Margaret Atwood’s “MaddAddam” Trilogy is Being Adapted for HBO by Darren Aronofsky

5 Jun

Margaret Atwood Dystopic Trilogy

Just when you thought HBO couldn’t give us anymore off the wall programming, they’ve announced that director Darren Aronofsky (AKA The Black Swan guy) will be taking on Margaret Atwood’s dystopic/speculative fiction trilogy MaddAddam.

The trilogy — which is made up of the novels Oryx and Crake, The Year of the Flood and MaddAddam — follows a world in the near future where corporations have overrun the government, all food is genetically engineered and mankind is on the brink of destruction thanks to some pesky medication.

You know, just your average mid-21st century post-apocalyptic story.

Add in some hybrid humanoid monsters thrown in for good measure and a rotating cast of characters doomed to die and you have a series that we are stoked to see brought to life.

As long as they promise not to fuck it up.

Dear HBO, please don’t fuck it up. We don’t want to have to side-eye you for forever.

(via: Deadline)

5 Responses to “Margaret Atwood’s “MaddAddam” Trilogy is Being Adapted for HBO by Darren Aronofsky”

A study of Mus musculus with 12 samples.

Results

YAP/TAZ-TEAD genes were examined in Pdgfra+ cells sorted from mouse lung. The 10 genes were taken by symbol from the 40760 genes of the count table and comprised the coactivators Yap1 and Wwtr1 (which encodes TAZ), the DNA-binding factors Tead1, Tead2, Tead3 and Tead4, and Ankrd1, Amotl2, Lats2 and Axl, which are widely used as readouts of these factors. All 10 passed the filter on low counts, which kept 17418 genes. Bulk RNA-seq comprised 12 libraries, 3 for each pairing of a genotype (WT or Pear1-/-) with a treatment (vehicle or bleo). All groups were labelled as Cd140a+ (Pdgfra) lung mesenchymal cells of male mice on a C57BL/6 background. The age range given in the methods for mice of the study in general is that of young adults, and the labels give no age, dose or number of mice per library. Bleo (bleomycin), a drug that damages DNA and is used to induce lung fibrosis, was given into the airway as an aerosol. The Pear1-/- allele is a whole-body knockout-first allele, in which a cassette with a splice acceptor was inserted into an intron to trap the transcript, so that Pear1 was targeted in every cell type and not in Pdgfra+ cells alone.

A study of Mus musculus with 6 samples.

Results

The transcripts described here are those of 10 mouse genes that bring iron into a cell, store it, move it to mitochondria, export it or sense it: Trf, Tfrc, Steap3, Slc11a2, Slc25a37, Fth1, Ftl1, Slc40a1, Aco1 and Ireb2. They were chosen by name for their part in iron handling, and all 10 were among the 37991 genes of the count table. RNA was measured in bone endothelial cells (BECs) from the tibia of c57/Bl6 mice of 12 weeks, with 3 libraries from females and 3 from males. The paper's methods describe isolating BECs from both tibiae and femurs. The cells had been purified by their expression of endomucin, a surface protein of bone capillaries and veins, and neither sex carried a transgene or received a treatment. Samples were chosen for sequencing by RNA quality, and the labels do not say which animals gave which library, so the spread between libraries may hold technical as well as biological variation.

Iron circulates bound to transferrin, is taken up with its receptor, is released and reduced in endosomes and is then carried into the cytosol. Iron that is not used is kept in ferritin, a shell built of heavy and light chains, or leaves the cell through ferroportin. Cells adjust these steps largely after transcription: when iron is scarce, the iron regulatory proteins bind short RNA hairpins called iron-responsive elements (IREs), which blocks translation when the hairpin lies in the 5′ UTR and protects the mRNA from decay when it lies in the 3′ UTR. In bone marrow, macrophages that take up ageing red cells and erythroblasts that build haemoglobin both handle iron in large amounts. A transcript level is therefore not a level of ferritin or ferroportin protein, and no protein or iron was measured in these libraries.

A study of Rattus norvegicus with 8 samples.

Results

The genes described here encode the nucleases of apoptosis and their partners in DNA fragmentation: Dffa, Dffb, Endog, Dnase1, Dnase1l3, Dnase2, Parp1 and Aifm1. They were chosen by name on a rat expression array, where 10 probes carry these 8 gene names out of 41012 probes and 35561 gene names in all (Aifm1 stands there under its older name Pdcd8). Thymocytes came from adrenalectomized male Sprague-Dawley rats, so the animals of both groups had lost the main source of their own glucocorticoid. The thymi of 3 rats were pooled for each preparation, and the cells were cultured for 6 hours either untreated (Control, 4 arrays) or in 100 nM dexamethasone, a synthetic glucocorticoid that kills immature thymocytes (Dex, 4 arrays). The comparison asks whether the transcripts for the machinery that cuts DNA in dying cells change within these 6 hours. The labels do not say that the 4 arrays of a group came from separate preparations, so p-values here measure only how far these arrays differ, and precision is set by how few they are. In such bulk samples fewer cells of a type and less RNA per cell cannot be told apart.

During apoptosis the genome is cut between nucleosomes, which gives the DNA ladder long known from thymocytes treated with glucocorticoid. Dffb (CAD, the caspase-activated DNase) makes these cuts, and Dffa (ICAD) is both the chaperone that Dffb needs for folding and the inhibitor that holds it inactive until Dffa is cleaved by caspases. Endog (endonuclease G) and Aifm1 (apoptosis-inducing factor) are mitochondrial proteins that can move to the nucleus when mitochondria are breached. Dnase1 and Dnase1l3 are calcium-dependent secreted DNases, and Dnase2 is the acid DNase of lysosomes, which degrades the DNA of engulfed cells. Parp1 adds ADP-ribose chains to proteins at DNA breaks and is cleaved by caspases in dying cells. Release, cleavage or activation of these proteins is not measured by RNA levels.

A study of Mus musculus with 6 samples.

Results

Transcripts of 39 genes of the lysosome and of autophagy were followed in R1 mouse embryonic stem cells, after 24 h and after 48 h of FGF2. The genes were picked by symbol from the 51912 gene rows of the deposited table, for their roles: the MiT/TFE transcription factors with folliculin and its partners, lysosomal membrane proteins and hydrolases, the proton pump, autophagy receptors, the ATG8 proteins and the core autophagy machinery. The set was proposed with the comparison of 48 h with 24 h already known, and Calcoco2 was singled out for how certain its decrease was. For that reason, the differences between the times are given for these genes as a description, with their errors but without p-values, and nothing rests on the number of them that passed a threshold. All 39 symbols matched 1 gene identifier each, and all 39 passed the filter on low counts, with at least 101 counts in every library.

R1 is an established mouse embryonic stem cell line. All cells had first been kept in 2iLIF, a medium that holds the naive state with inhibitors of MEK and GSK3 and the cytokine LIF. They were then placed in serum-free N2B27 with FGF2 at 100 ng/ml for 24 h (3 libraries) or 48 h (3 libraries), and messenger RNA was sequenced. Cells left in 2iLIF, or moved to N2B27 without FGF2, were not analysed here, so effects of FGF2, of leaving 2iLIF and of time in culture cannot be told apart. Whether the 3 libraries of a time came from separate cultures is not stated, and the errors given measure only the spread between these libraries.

1. MiscElaineOusMuSings June 5, 2014 at 5:34 pm #

    This is exciting news ! Daniel Arronofsky + HBO= Emmy winner! I have been enamored of Margaret Atwood ever since The Handmaid’s Tale. Thanks for the good news!

    • Cassie-la June 6, 2014 at 4:57 pm #

      “The Handmaid’s Tale” is my absolute favorite Atwood novel!

  2. Thomas Flowers June 6, 2014 at 8:18 am #

    correction: this is a dystopian story, not a post-apocalyptic story.

    Good news; Bad news? We’ll see, Aronofsky is an amazing director and HBO tends to generate better rating shows. Its all positive so far!

    • Cassie-la June 6, 2014 at 5:02 pm #

      I would argue that it’s both. After all, Snowman’s story takes place in a world devastated by the so-called waterless flood which destroyed human civilization.

      • Thomas Flowers June 6, 2014 at 5:08 pm #

        Maybe you’re right. I’ve often found post-apo tend to deal with an even; whereas, distop often deals with systems.